New York State Seal
STATE OF NEW YORK
INSURANCE DEPARTMENT
25 BEAVER STREET
NEW YORK, NEW YORK 10004

Eliot Spitzer
Governor

Eric R. Dinallo
Superintendent

The Office of General Counsel issued the following opinion on December 19, 2007 representing the position of the New York State Insurance Department.

Re: Body Damage Estimator

Question Presented:

Must a body damage estimator licensed in accordance with the N.Y. Veh. & Traff. Law (McKinney 2002) also be licensed by the New York State Insurance Department as an independent adjuster?

Conclusion:

Depending upon the functions performed, such an individual may also have to be licensed as an independent adjuster.

Facts:

The inquirer reports that he is licensed in Vermont as an Auto Damage Appraiser, and in New York as a Body Damage Appraiser. He further reports that he acts on behalf of insurers in estimating claims, in that he views the vehicle, prepares a report for the insurer or adjuster that retained him, and forwards the report to the insurer or adjuster. He adds that, while he may send a copy of his report to the body shop or vehicle owner, he does not negotiate with the body shop or vehicle owner.

In 2006, the Insurance Department received an anonymous complaint that the inquirer was functioning as an independent adjuster without a license. After reviewing his explanation, an examiner of the Consumer Services Bureau determined that he was not improperly acting as an independent adjuster, and so notified him.

The inquirer now seeks confirmation that his activities do not require a license as an independent adjuster.

Analysis:

There is nothing in the Insurance Law that denominates “body damage appraiser” as a category of license. Vehicle & Traffic Law § 398-d regulates motor vehicle repair shops. Specifically, Vehicle & Traffic Law § 398-d(5) provides:

Every person who shall write any auto body repair estimate on behalf of a motor vehicle repair shop, whether registered or not, must hold a valid estimator's license for such purpose issued by the commissioner. The form and manner of applying for such license shall be prescribed by regulation to be promulgated by the commissioner. . . .

For the purposes of this opinion, the Department presumes that the inquirer has a license issued in accordance with Vehicle & Traffic Law § 398-d(5).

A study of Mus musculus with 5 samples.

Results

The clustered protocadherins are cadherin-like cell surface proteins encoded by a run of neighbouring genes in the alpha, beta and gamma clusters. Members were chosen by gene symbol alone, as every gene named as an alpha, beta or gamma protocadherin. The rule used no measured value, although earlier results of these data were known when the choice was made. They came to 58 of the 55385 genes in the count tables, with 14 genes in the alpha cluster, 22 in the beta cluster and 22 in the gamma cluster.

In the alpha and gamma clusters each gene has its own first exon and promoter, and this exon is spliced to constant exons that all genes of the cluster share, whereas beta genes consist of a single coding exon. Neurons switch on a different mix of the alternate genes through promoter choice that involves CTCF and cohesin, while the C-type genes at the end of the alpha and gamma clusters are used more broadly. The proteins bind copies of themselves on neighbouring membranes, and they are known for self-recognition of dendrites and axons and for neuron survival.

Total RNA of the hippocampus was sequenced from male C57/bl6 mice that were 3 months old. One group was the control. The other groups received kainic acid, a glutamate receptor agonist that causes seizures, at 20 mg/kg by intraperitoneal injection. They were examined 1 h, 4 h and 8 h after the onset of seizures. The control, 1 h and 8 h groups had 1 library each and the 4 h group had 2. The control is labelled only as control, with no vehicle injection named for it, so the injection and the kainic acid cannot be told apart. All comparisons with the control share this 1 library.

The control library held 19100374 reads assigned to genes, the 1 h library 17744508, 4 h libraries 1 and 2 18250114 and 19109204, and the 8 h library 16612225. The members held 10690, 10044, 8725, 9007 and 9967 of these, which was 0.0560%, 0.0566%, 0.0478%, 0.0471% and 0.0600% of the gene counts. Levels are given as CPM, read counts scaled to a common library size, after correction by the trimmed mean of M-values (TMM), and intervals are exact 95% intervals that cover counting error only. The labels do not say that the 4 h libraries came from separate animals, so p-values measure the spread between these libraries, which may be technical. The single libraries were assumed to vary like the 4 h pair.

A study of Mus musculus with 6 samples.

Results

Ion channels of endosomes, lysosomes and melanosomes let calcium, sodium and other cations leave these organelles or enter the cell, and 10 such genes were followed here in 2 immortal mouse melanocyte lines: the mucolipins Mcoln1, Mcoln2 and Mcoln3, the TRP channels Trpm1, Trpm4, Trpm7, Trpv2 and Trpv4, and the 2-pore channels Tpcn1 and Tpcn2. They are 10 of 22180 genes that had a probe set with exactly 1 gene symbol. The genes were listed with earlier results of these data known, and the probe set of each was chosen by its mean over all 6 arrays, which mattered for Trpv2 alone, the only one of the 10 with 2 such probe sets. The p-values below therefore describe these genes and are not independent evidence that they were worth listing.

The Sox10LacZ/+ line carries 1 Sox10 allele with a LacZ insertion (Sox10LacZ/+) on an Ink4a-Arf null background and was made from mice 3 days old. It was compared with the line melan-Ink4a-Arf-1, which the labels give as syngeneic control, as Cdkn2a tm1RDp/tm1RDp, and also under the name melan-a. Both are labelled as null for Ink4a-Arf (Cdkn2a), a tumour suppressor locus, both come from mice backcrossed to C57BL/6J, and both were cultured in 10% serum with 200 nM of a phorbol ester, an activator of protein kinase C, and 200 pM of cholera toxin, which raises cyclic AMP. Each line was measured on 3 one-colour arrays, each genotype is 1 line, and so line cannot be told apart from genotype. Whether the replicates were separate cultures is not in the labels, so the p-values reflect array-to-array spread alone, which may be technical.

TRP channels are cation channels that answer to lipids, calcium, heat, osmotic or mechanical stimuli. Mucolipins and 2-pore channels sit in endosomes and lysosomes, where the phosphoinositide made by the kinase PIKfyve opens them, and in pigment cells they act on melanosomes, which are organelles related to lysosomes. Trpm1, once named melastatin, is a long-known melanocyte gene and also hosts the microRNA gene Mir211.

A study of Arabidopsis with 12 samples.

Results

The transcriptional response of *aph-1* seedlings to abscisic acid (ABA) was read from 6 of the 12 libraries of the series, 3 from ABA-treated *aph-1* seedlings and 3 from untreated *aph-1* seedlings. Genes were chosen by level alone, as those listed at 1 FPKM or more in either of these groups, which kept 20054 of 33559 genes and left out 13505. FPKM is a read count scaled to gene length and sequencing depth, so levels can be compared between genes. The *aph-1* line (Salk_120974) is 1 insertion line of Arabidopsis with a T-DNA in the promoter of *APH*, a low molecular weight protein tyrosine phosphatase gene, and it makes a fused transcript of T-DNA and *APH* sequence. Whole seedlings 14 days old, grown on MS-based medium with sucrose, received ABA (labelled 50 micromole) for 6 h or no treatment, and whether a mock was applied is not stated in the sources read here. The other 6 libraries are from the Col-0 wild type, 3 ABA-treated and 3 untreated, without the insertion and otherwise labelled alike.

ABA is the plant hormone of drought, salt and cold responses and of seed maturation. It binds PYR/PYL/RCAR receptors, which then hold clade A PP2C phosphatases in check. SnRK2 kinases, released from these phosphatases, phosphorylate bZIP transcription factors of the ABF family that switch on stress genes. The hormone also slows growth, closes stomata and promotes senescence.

Insurance Law § 2101(g)(1) is relevant to the inquiry. It defines an “independent adjuster” as follows:

The term "independent adjuster" means any person, firm, association or corporation who, or which, for money, commission or any other thing of value, acts in this state on behalf of an insurer in the work of investigating and adjusting claims arising under insurance contracts issued by such insurer and who performs such duties required by such insurer as are incidental to such claims and also includes any person who for compensation or anything of value investigates and adjusts claims on behalf of any independent adjuster, except that such term shall not include: (A) any officer, director or regular salaried employee of an authorized insurer . . . unless acting as an auto body repair estimator as defined in subsection (j) of this section . . . .

Insurance Law § 2101(j), in turn, sets forth the definition of an “auto body repair estimator”:

In this article, "auto body repair estimator" means any officer, director or regular salaried employee of an authorized insurer or of any adjustment bureau or association owned and maintained by insurers, who writes, or who directly supervises the writing of, any motor vehicle body repair estimate in this state, on behalf of such insurer in the work of diagnosing or estimating motor vehicle repair costs or procedures relative to appraising, investigating or adjusting claims for motor vehicle body repair work pursuant to an insurance contract.

It has been the consistent position of the Insurance Department, see, e.g., April 1, 2001 opinion of the Office of General Counsel, that an individual or entity acts as an independent adjuster if that individual or entity exercises discretion on behalf of an insurer in the settlement of a claim. Based upon the inquirer's representation, he does not exercise such discretion. Accordingly, since the inquirer’s activities do not meet the test set forth in the first part of Insurance Law § 2101(g), he need not be licensed as an independent adjuster. Further, since he is not an officer, director, or employee of an insurer or adjustment bureau, he is not considered to be an “auto body repair estimator.”

Nevertheless, because the functions of someone licensed by the Department of Motor Vehicles as an “auto body repair estimator” also may coincide with the functions of an independent appraiser, this opinion should not be construed beyond its terms as expressing any position concerning facts other than the particular situation.

For further information you may contact Principal Attorney Alan Rachlin at the New York City office.